Bedford judge ordered to pay $246K
BEDFORD – The seven judges of the state’s second-highest court ruled for the Bedford County commissioners over the county’s chief judge Wednesday, seemingly ending a legal battle over government funds that dragged on for more than 18 months.
Under a Commonwealth Court order, Thomas S. Ling, Bedford County’s president judge, must pay back $246,000 his office owes the county from a court fund and cede control of another fund intended for drunken driving education. On Wednesday, however, Ling said he intends to appeal
the case to the state Supreme Court.
The Commonwealth Court ruling is a broad victory for the commissioners, who sued Ling in fall 2012 to regain control over disputed county funds.
The battle began with their refusal to forward taxpayer money on credit to Ling’s Probation Office and escalated when Ling moved unrelated funds – or held them hostage, in the commissioners’ view – to enforce his own court orders.
In an opinion penned by Judge P. Kevin Brobson, the state judges authorized the county treasurer to take the $246,000 authorities are owed, with or without Ling’s permission. Ling said he intends to seek a stay so he can delay repayment until the Supreme Court weighs his appeal.
“We’re still looking into it,” Ling said.
The dispute’s origins go back more than a decade.
For years, including the time before Ling was chief judge, the commissioners regularly forwarded money to the court system for probation officers’ bonus pay and other expenses. Later, when money arrived in a court-controlled fund made up of probation fees, the courts would pay back what they owed.
By 2011, however, lagging repayments left the office in debt to the county to the tune of $246,000. The commissioners ceased the payments, insisting that Ling’s office cover the difference.
A game of one-upmanship ensued, with Ling issuing court orders demanding bonus payments and the commissioners threatening to dismiss the chief probation officer’s assistant and eliminate her position. Ling ultimately took control of a county fund intended for DUI education, although the commissioners insisted the money wasn’t his to control.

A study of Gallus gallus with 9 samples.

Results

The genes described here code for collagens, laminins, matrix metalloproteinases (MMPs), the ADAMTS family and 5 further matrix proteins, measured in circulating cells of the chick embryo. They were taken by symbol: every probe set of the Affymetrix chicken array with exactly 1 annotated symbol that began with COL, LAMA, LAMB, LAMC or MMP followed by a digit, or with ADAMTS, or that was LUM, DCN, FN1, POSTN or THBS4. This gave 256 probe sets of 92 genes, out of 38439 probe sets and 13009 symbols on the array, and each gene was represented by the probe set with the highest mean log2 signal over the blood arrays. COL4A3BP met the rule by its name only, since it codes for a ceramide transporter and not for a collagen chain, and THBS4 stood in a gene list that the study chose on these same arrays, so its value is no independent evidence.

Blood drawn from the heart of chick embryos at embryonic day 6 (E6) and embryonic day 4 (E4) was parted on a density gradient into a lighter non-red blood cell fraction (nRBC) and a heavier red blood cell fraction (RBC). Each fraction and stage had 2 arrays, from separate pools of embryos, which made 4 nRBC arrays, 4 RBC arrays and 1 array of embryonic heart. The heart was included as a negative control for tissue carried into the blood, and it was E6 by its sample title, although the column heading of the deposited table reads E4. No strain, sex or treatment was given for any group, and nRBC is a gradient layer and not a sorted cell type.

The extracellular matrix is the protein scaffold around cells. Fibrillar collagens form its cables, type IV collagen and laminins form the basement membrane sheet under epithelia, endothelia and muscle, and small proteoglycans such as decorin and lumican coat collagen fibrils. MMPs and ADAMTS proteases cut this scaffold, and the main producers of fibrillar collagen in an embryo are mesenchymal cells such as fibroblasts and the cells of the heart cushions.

They sued Ling in November 2012; a slow, expensive, taxpayer-funded legal battle followed. An official with the County Commissioners Association of Pennsylvania at the time said other counties were watching the case as a possible precedent.
In the end, the state judges agreed that Ling had to repay the money and that he overstepped his legal authority when he took control of the DUI fund. County judges have the right to appoint a coordinator for DUI classes but don’t get to control their finances, they ruled.
With the disputed funds back under county control, Commissioner Chairman Kirt Morris said they would re-establish the county auditor’s authority. Ling appointed his own outside auditors after he seized the DUI fund.
Regardless of the outcome of Ling’s appeal, issues connected to the legal battle remain to be resolved. For months, the commissioners have repeatedly tabled a motion to remove Chief Probation Officer Keith Bowser’s assistant, arguing that the position must be paid for with Supervisory Fund money – not
Morris said he’s not against leaving the job in place, so long as Ling agrees that the salary must be covered by court fees and not county funds. The commissioners could rule on the position as soon as Tuesday.
On Wednesday, County Commissioners Association Executive Director Doug Hill said the ruling confirms much of what commissioners statewide have long fought for: a system of financial checks that keeps court officials from controlling county money without proper oversight.
“It will help when we run into disputes with the judiciary on how accounts are to be handled,” Hill said. “It can be a fairly frequent discussion.”
Morris said one policy is certain to change: The commissioners will no longer cover court or probation expenses from the county’s general fund.
“It’s just not going to fly anymore,” he said.
Mirror Staff Writer Ryan Brown is at 946-7457.